Commercial Construction Boom to Continue

According to Dr. Glenn Mueller, the busy days we’ve been experiencing for the past few years are barely showing any sign of slowing up. While Mueller’s research is most often used for real estate investors, there’s a logical use case for both GC’s and subcontractors. Mueller’s formula has 16 specific stages for the market (both geographic and vertical) to be at a given time. Based on the number of the stage, one can tell whether or not the market is improving or cooling off, and if it’s better than the historical average for the sector.

The direct correlation for contractors is fairly obvious: In stages 7-13, new construction is more economically feasible. Keep in mind that the operative word here is “more.” Even in Stages 1 and 2, construction happens, just at levels that are below historical averages. Similarly, many will choose to rent rather than build in stage 10, even if the economics favor building.


So currently, the nation is at a very healthy score of 8, which is the same score given to Power Centers (defined as mini malls with big box stores, like the The Crossings at Conestoga Creek). The Suburban Office market, which would include projects like we recently completed for Rhoades Electric, is still below average, but heating up.

While Mueller’s research shows the Apartment Market might be past its peak, it’s also still way ahead of average.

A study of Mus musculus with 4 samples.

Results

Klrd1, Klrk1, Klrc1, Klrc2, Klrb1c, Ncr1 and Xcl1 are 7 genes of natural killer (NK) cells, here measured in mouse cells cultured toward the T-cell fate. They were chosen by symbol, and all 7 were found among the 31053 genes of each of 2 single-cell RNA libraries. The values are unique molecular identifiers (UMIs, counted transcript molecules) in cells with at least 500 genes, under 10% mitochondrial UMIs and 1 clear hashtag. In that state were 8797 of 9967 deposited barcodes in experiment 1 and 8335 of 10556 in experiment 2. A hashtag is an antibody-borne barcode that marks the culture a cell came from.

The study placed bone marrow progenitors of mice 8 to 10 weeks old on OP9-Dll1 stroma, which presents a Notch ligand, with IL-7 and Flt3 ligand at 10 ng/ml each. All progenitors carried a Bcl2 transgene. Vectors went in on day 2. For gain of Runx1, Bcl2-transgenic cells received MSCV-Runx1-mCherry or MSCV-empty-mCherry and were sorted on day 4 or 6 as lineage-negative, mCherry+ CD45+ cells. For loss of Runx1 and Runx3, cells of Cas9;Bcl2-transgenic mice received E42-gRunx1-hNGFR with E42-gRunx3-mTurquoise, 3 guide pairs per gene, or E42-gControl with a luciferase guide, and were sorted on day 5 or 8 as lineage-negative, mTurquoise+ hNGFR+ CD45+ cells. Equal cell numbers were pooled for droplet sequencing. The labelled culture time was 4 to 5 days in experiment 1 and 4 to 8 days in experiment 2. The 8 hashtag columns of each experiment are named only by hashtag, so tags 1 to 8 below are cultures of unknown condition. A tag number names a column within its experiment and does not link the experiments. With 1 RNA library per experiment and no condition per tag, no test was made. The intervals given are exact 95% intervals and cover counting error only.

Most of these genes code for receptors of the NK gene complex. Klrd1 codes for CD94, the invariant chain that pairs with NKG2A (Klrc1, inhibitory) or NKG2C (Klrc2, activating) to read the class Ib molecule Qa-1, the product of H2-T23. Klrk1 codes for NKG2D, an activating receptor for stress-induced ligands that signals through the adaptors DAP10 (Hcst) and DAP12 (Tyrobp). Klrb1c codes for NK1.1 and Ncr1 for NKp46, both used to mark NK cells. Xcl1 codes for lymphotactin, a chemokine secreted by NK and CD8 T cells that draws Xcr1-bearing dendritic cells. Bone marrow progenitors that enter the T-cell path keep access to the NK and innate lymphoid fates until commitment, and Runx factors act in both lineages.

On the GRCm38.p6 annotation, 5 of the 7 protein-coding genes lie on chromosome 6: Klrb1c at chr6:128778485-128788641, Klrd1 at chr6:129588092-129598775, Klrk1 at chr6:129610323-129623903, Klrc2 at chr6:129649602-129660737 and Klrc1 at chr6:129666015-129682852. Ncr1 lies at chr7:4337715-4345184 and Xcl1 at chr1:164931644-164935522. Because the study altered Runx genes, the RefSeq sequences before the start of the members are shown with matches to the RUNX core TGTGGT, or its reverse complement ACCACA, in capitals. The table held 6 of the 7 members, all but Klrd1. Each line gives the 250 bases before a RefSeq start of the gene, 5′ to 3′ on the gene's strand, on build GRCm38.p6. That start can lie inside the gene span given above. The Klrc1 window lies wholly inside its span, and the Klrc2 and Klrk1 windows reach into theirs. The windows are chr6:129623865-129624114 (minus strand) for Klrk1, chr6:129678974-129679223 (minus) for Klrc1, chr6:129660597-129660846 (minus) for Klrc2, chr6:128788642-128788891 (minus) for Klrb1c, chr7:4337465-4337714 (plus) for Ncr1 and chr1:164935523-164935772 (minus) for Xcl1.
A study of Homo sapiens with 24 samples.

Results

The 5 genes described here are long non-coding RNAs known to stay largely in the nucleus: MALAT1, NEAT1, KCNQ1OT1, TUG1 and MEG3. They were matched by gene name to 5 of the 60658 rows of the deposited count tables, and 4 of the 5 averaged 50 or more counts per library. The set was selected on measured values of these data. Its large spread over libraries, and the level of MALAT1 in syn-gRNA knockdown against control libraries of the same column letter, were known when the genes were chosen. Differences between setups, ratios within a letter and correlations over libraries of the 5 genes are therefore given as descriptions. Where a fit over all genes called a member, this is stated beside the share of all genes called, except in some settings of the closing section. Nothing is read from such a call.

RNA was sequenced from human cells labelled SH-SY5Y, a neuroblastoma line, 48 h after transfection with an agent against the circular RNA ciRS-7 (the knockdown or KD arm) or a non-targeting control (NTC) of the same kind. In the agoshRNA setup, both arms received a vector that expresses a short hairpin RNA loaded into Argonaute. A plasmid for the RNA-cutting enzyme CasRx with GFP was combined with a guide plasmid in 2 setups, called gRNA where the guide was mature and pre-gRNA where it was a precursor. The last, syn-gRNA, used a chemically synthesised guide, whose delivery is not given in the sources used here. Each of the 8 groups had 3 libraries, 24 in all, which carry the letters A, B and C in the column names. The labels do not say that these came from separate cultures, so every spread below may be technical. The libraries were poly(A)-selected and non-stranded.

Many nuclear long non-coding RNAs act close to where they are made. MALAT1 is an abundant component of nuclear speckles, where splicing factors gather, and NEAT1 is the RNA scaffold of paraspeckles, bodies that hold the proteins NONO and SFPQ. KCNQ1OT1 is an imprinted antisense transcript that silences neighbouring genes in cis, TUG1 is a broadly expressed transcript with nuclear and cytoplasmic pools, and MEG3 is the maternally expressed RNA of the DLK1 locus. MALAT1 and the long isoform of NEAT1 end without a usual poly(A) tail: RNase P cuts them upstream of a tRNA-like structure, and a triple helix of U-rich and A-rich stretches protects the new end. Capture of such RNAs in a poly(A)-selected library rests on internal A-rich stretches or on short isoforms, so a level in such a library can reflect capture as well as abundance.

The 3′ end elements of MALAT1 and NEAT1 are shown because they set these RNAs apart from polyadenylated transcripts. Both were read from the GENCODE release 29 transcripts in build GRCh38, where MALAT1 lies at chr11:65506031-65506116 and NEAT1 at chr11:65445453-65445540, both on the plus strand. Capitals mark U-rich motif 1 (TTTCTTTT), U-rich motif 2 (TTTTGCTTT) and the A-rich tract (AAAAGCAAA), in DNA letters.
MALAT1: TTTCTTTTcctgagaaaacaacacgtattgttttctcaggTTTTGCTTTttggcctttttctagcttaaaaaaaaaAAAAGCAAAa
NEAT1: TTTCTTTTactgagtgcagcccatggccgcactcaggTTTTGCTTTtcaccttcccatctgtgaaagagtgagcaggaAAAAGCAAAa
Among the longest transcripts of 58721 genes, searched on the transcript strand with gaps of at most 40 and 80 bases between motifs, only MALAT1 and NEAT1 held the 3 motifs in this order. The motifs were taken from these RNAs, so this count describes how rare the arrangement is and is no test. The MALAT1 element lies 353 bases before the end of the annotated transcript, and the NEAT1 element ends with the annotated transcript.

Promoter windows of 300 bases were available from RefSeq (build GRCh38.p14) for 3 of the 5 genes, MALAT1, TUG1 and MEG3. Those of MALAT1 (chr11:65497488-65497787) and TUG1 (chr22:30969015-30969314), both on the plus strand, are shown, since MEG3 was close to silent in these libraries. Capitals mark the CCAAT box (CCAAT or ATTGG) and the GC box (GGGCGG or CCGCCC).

Taken together, there are a few obvious implications:

1.) Everybody’s busy. There’s a lot of work out there, so subcontractors will most want to work with GC’s that can properly manage a project. They don’t want to miss out on work, due to poor scheduling. At Benchmark, our PM’s work hard to ensure that our subs can trust our schedules.

2.) Price-wise, everybody wins. From an economic standpoint, when the market is between 7 and 13 on Mueller’s chart, it’s often more economically advantageous for you to build than rent. That said, keep in mind that those subcontractors also have a slew of options, which is why Turner’s overall cost index continues to climb. At Benchmark, our goal is to keep projects moving at a swift pace to stay ahead of increasing costs. For reference, Turner is showing that the same project a year ago theoretically could cost 4.85% more now. As always, speed matters at all facets of the project.